Thursday, March 13, 2008
--- Lynn York
I live in Chapel Hill, NC, where we are all still trying to get our bearings after the murder of Eve Carson, student body president and shining light of the University of North Carolina. I did not know Eve myself. The things I know about her are the same things you know if you’ve read the newspaper or seen the news in the past week. She was not my daughter, my student, or my friend--though by all reports, my life would have been enriched if she had been. I just can’t stop reading about every detail of the case. I can’t stop thinking about her, her family, and wondering exactly how something so awful happened in our little town. I do not mean to put any claim on this terrible tragedy. In fact, I am suspicious when people try to take up for themselves some small corner of someone else’s tragedy. Of course, this is just what I am doing. As a writer, I do it every day: I trade on the sorrow in the world. And though I can’t think of how to write a book otherwise, it makes me uneasy.
When I was writing my first novel about the little town in Surry County, NC where I grew up, I got about fifty pages into the thing and realized that I had no idea for a plot. I just kept writing scenes, hoping something would develop. Finally, I had my main character, a fiftyish widow, standing in her front yard in her nightgown the middle of the night. We were both feeling a little desperate, looking up and down the street to see if something (anything) was coming toward us. It was then that I got an image of the town ambulance—one of those old modified station wagons with a red light on top. It was owned by the funeral home and doubled as a hearse. I put the vehicle in my scene, had it cruise past my character, and suddenly, I knew why it was there. In five minutes, I had co-opted the only murder that occurred in this town during my childhood. In the late sixties, two policemen had been killed out on the town bypass by a car load of young car thieves. As a child, I had heard every detail of this crime, and in the fire of writing, I took what I needed.
The only way I know how to complete the first draft of a book is to grab character traits, images, small appliances, cuss words, nasty rumors, and whatever else off the shelf of my memory—and to ask only one question about each morsel: how can it serve the story I am trying to tell? In the heat of a draft, I’ll use anything. I save the remorse for the revision. And in the case of the police murder, I did feel it. Once I’d finished the first draft of my book, I researched the actual murders. I read about the real men who had lost their lives, about the havoc their loss caused in the town. It was eerie to see their faces, to know the names of their wives, to read the details about events that I had been picturing in my mind and writing about for months. I got a sort of tug in my gut, the kind of thing I felt as a child when I got caught snooping in my mother’s private drawer. “You got no business in there,” is what she would have said to me, “no right to get into my things.”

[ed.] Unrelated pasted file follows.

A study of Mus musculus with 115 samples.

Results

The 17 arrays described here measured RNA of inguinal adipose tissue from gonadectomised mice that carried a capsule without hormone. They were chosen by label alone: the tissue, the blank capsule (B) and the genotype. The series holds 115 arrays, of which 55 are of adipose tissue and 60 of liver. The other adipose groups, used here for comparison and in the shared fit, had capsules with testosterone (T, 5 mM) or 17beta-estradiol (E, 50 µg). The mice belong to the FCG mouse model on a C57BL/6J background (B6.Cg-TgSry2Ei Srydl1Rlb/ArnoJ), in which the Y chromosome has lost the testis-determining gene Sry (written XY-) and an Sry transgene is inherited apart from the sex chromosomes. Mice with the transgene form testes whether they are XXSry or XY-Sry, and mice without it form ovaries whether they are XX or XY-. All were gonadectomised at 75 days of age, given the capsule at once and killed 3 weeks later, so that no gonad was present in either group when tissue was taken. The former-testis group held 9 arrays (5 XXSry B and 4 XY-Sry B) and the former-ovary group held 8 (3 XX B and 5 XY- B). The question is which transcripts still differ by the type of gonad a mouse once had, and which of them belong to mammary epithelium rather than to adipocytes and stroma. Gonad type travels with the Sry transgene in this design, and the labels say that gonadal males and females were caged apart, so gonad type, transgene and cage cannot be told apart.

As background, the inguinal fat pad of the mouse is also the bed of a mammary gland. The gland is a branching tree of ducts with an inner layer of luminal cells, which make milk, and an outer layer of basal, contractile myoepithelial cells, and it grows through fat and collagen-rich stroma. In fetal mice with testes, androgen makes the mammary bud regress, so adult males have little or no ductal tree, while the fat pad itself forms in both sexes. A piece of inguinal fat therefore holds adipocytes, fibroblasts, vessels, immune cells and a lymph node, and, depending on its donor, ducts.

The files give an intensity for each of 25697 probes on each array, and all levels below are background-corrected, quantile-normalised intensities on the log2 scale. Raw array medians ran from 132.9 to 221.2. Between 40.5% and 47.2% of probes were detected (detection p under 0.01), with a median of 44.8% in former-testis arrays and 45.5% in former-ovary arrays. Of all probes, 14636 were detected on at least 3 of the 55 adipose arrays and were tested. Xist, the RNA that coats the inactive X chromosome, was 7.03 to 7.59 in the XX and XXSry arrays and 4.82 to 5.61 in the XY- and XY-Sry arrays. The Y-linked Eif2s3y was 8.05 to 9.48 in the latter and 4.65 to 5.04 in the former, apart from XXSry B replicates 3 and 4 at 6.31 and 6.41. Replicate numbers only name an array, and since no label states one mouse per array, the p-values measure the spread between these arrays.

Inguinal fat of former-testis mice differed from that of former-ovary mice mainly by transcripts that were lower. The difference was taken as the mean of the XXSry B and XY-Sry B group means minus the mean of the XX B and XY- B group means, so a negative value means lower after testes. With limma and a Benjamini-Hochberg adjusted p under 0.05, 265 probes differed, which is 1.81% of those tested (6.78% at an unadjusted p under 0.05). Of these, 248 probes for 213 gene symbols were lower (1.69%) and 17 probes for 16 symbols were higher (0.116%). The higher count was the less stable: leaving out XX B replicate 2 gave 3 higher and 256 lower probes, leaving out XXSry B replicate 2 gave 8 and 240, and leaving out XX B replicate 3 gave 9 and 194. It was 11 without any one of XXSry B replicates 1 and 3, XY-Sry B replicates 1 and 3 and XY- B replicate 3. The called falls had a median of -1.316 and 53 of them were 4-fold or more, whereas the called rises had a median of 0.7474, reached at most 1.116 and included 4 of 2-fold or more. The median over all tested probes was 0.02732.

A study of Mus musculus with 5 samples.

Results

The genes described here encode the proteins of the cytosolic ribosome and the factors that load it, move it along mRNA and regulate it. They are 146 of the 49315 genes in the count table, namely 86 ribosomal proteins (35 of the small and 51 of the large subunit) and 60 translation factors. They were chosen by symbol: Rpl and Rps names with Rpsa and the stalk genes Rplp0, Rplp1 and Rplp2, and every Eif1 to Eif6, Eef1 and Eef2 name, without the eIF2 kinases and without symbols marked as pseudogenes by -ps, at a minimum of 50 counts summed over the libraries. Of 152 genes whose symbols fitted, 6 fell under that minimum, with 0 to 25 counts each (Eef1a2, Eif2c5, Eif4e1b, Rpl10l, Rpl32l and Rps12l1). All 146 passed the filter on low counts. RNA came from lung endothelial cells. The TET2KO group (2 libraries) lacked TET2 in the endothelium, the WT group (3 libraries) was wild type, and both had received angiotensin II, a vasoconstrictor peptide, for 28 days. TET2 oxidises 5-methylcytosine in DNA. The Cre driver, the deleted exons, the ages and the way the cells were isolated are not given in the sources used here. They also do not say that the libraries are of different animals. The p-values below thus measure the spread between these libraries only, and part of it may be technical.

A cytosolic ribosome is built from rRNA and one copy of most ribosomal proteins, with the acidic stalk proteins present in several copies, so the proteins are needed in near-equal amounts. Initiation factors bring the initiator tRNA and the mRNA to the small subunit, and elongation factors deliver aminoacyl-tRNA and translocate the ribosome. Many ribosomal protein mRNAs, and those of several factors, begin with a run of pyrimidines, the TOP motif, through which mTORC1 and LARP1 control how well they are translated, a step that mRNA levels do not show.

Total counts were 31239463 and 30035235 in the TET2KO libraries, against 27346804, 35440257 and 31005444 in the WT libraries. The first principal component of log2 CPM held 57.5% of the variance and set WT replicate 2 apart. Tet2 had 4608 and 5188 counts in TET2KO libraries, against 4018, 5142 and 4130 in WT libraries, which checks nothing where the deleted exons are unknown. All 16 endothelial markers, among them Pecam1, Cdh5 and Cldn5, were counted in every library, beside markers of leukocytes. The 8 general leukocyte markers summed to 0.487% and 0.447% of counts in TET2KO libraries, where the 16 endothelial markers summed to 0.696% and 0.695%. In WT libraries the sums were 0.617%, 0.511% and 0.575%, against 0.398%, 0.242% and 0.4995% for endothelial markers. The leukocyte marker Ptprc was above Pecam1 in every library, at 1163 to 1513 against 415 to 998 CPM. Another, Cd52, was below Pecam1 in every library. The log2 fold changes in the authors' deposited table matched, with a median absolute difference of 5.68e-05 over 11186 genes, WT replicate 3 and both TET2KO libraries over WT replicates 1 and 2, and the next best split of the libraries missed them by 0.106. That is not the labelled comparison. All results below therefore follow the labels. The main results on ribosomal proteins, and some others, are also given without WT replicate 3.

This is something I worry about when I publish a novel—that I have snooped around and taken out someone’s unmentionables, flapped them around for everyone to see. Certainly, I disguise unflattering details, change names. I make many things up, though it’s hard to create events that haven’t happened to someone close by. I try to protect the innocent, the unknowing, the long-ago widowed, in every way I can. I worry, I worry, but in the end, I do it anyway. I have to. I can’t write about a man overcoming a nasty stroke unless I spend several tearful days giving him one. I can’t begin to understand a widow’s grief over her husband’s suicide until I visit the moment when she hears the gun go off. Since I have been very lucky in my life so far, truly blessed, I do not have a wealth of direct experience to guide my work. I have to go with those things I can witness in some way and then confer the experience on my characters. Even this, though, does not explain my near-obsession with the things I read in the news paper: strange crime stories, small items involving animals, celebrity news, and of course, the obituaries.
I know I am not alone in this prurient interest. At the Southern Voices Conference in Hoover, AL recently, Carl Hiaasen regaled the crowd for an hour with weird and hilarious news stories he’d found over the years in Florida’s newspapers. He noted that many of the stories were so strange that he couldn’t even find a way to put them into fiction. A couple of years back, I was at lunch with a bunch of writers when the talk turned to a local murder case. Everyone was well-versed in the details, and after a few minutes, we each confessed to having driven by the crime scene.
We writers are not the only ones. The highways get clogged everyday with rubberneckers. And just stand in the super market line for five minutes. You’ll see ten magazines reporting the troubles of the celebrity class. This gets back to why we do it. Maybe it’s hard wiring. Maybe it’s just human to obsess about the troubles of others. Maybe we think that rubbernecking will ward off our own trouble; maybe we’ll learn something to keep ourselves from falling off the cliff. I’m not sure that I can ward off anything, but I have to look. I have to go after all the details. Even if it makes me uneasy, this kind of obsession brings me to my best means for making sense of the world: getting it down on paper.
Lynn York is the author of The Piano Teacher (2004) and The Sweet Life (2007). She lives in Carrboro, NC. Her website is www.lynnyork.com.